Ennerdale thunder no match for lightening Gray

Calder Valley FR competed at the highest level in more ways than one as they headed off to some of the UK’s loftiest locations.
Organisers of last weekend’s Ennerdale race, the third in the English Fell Running Championship, were forced to amend the 21 mile/7500 feet route to a 21 mile/4500 feet circuit. That was to avoid exposed ridges threatened by lightening strikes.
Runners met under a gathering storm with torrential rain and high winds forecast.
Calder Valley’s legendary Karl Gray still brought thunder to the new route. His lightening pace was too much for the likes of former champions Rob Jebb and Morgan Donnelly.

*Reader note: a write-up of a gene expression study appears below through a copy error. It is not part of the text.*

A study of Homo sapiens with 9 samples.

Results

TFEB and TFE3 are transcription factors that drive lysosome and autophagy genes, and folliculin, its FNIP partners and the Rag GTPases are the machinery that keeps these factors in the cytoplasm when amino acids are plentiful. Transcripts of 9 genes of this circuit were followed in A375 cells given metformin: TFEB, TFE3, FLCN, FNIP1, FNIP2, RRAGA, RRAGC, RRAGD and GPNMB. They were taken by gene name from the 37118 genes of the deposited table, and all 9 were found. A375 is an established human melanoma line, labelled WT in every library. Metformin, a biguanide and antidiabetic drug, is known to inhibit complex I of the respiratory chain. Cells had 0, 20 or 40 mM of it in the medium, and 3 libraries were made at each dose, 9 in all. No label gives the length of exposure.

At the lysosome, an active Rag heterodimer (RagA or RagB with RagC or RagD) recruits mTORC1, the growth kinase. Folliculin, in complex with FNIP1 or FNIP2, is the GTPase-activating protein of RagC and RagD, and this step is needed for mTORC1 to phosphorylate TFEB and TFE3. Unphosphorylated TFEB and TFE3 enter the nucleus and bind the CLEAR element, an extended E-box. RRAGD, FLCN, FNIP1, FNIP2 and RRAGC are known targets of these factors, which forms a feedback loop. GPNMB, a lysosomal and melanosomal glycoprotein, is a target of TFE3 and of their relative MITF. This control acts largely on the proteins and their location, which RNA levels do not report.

In a field full of the UK’s classiest fell runners, Gray was always in contention over the low col to Crummock Water and Buttermere.
As the race climbed 1100 feet over Scarth Gap, he pushed three-times British champion Jebb into third place, pursuing Rob Hope down to what is probably England’s most remote youth hostel, Black Sail in Ennerdale.
The Jebb-Gray–Hope battle continued on the 1100 feet climb to just below Green Gable, after which they skirted below the summits of Great Gable and Kirk Fell and then dropped back down to the youth hostel. The top three were locked in a sprint finish along an eight mile run-in along Ennerdale valley bottom and although Gray was chasing Hope down he couldn’t quite overtake him and finished only 12 seconds behind to take a memorable 2nd place.
A host of Calder runners followed Gray, led by Tim Ellis, Ian Symington, Johny Helliwell, Bill Johnson, Garry Traviss and John Minta.
Helen Buchan bravely completed with a gashed shin after falling on rocky path.